You don’t have to meet someone in order to be inspired by his actions.
This thought crossed my mind this week with the passing of a modest man with a remarkable personal story. Clary Milburn, who died this past weekend, left behind a legacy of inspiration and kindness.
Just ask the members of The Galveston County Daily News.
No one ever questioned the man’s magical touch with a pot of boiling water and a fresh catch from the nearby water. One taste of his creations would send one into a moment of suspended disbelief. A master can do such things.
But there is a little known story about Clary that continues to echo in the hallways of The Daily News.
Once, years before Hurricane Ike showed us what a real flood looks like, our staff was covering one those ordinary rain storms that hit when the tide is high and puts several feet of water over island roads. A couple of our editors had been working hard all day to report the event and had skipped lunch. When they finally caught a break and thought about getting something to eat, they realized they were flooded in at our Teichman Road building. Standing on the entry steps, they saw the front door of Clary’s was open. They slogged on over, went in and sat down at a table. After awhile, a young woman came by.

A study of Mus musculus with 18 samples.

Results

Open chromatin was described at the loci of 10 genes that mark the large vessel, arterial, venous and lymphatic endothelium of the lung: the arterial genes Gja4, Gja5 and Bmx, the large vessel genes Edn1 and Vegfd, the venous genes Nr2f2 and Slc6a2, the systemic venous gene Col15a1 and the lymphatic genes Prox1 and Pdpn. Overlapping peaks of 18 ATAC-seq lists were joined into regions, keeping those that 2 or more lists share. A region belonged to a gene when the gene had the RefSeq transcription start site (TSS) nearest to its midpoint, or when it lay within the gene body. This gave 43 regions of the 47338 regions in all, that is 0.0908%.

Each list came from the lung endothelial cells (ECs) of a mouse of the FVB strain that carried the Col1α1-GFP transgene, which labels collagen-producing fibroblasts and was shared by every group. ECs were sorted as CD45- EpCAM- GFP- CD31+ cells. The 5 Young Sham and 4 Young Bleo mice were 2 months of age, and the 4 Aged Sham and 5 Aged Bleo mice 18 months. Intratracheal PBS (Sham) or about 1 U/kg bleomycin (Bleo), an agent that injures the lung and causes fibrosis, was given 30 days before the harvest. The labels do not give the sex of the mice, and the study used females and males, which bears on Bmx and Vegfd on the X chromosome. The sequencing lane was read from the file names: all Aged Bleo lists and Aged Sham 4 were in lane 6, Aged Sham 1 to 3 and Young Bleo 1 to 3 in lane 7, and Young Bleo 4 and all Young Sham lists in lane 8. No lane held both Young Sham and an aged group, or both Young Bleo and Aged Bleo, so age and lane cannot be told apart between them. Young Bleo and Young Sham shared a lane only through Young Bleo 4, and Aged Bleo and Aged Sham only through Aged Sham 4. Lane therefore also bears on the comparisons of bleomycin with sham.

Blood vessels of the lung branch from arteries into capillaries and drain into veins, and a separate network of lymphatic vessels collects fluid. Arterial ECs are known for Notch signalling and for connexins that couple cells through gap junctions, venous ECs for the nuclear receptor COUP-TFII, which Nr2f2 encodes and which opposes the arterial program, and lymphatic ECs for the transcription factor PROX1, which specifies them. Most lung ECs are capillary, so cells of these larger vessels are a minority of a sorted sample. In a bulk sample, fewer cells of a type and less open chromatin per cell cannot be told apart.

“We’re not really open,” she said. “But Clary said he would cook you something as long as it’s something simple, like shrimp and French fries.”
And it was in those moments Mr. Milburn again demonstrated his remarkable kindheartedness and caring soul to those around him.
Soon, big platters of fried shrimp and fries arrived at the table. These two Daily News staffers will swear to this day that those fried shrimp and French fries — cooked by Mr. Milburn himself on day when he wasn’t really open and was trying to deal with a flood — were among the best meals they’ve ever had, anywhere, any time. If you ever enjoyed Mr. Milburn’s special cooking, you can only imagine how wonderful his generosity must’ve tasted to the exhausted staffers.
The story, like we said, remains legendary throughout the hallways of The Daily News.
And when it came to settle, Mr. Milburn quickly waved off the subject to another day — if that ever came.
What is so wonderful about this story is that there are hundreds more like them being told around the community following his passing. A reputation like his is earned over a lifetime – one genuine gesture, one generous action at a time. And when the time comes, it is the emotional deposits in the lives of those touched which remain behind.
Doing the right thing is easy in most circumstances. The test of true character comes while under stress. In this case, people we trying to find a sliver of normalcy in a world turned upside down by Mother Nature.
And with Milburn Clary, character never tasted so good.